Last week I visited Wrocław in Poland for a few days. The main purpose was to visit my sister there, but I also did a lot of sight-seeing, and as always when I am there, I visited the Four Domes Pavilion, one of the great contemporary art galleries in Poland. There is a very interesting permanent collection, from which I show selected works in the web gallery I have created, covering the period of the enforced social realism from the 1950s to the avantgarde stuff from the 1960s and 1970s, ending with more political art from the martial law period in the 1980s.
But there was also a special exhibition of works by Ewa Kuryluk, which are unlike anything I have ever seen. I reproduce from the web site of the exhibition:
The Museum of Contemporary Art in the Four Domes Pavilion is proud to present the most comprehensive exhibition of white installations by Ewa Kuryluk so far. Presented works were created mostly in the USA, where the artist lived for the last two decades of the 20th century, but also in Columbia, Argentina, and Canada.
Back in 1970s Ewa Kuryluk’s works could be described as hyperrealistic and slightly surreal. However, she banished this language of artistic expression in favour of drawing and painting on loose, light fabrics on which, with red ink, she marked contours of faces, parts of body, and human figures. Works evolved in space as the artist began to shape the painted fabrics by draping them, placing them on chairs, sofas, and taking out into the open air. They are intimate, sensual, and sometimes even erotic. At the exhibition in the Four Domes Pavilion, the artist reconstructed her most important installations, including those covered with texts, which she called “Rysopisy [Descriptions]”. Describing them, Kuryluk says “I draw what I cannot write. I write what I cannot draw”.
Ewa Kuryluk (born 1946) an artist, art historian, writer. Kuryluk’s multi-talented artistic personality was shaped by the atmosphere of the family home of Karol and Maria Kuryluk in a tenement house at Frescati street in Warsaw. Biographical references are one of the main themes of her art. In 1970, Kuryluk graduated from the Warsaw Academy of Fine Arts and later art history at the Jagiellonian University. From the beginning of her artistic career, she successfully presented her works in the West, in London and Vienna galleries. Her painting style has evolved from the metaphorical, colourful grotesque of her early works, towards synthetic, poetic hyperrealism. In the mid-1970s, the artist abandoned conventional painting formulas and went “beyond the framework”. She drew her intimate world on silk and cotton fabric coupons, using them to build installations like ephemeral interiors and spaces. White in its various shades is present in all of them. It is their matter, background and air. The American installations by Ewa Kuryluk, reconstructed in the enfilade interiors of the Four Domes Pavilion, are a poetic, intimate journey that leads us through the world of tender gestures, ambiguous poses, and sophisticated erudite metaphors.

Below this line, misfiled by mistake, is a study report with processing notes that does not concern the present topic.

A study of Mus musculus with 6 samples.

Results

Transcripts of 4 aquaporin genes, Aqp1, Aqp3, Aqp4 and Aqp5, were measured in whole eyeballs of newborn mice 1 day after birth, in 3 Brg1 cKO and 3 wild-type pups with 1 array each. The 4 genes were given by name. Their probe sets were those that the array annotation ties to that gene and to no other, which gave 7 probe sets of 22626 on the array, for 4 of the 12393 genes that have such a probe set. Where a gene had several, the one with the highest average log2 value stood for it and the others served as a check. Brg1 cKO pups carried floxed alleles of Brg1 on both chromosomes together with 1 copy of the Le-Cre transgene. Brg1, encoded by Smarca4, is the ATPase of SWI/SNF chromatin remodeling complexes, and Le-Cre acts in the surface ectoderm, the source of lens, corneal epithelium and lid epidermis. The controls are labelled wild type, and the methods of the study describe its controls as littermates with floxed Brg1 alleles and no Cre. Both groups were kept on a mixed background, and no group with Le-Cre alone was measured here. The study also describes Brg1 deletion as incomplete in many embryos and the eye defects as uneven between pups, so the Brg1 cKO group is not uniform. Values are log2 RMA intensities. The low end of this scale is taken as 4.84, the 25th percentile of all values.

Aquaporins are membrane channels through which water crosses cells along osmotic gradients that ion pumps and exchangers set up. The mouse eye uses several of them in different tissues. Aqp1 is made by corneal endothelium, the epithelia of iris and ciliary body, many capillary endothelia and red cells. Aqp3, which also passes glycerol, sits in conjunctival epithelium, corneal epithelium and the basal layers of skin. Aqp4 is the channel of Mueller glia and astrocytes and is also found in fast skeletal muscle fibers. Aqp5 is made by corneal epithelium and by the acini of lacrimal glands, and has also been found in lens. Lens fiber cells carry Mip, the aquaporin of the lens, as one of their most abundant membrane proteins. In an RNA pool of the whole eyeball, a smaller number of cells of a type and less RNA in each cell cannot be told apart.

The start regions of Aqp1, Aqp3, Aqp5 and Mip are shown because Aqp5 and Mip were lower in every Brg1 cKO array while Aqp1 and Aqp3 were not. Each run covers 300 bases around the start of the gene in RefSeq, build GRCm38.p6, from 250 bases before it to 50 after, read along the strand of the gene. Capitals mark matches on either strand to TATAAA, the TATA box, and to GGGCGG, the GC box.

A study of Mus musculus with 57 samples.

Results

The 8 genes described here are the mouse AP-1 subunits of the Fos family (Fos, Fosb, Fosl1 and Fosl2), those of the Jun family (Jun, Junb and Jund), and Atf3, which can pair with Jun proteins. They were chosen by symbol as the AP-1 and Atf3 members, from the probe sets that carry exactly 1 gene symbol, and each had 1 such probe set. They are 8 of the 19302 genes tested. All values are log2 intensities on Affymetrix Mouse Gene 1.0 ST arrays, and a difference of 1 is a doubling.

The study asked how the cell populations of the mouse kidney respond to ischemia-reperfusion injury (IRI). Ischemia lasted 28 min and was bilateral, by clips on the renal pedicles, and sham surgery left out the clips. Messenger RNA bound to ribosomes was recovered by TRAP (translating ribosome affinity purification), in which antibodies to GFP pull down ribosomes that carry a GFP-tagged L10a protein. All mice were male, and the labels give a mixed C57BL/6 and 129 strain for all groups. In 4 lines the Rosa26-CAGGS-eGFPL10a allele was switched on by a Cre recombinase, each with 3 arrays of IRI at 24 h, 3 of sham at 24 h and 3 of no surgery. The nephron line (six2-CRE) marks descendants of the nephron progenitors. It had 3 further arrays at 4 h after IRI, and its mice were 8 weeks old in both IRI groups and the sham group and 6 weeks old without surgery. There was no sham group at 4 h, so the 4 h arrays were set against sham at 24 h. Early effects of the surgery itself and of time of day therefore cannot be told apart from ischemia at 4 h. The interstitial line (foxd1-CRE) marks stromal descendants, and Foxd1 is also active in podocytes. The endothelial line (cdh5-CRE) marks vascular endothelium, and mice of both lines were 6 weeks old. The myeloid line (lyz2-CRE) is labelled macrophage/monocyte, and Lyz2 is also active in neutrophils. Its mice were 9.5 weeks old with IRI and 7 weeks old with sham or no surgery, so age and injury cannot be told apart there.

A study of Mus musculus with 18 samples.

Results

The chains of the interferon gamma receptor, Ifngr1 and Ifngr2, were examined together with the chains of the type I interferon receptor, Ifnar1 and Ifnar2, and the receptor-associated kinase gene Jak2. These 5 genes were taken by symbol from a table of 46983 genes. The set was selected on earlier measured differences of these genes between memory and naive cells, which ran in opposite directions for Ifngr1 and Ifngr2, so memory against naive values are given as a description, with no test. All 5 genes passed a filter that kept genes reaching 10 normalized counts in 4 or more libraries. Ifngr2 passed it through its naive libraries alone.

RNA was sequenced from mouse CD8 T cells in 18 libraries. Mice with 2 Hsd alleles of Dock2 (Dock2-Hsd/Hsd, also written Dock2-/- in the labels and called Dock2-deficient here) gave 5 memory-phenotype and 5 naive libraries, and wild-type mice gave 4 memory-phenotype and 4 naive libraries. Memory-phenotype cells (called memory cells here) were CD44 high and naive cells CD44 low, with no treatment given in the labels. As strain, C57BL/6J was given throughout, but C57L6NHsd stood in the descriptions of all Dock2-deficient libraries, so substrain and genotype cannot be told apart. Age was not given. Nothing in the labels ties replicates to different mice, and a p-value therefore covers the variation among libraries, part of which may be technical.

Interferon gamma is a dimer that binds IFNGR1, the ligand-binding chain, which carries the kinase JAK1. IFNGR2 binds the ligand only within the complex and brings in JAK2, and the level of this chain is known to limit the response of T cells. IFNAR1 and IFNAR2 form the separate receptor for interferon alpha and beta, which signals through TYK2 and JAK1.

The exhibition ends on 3 October, so it is not likely that any of those reading it will have an opportunity to see it there, but if you ever have a chance to see Kuryluk’s work, don’t miss it! Here is an example:
I should warn the reader that some of the images by Kuryluk are NSFW (“not safe for work”).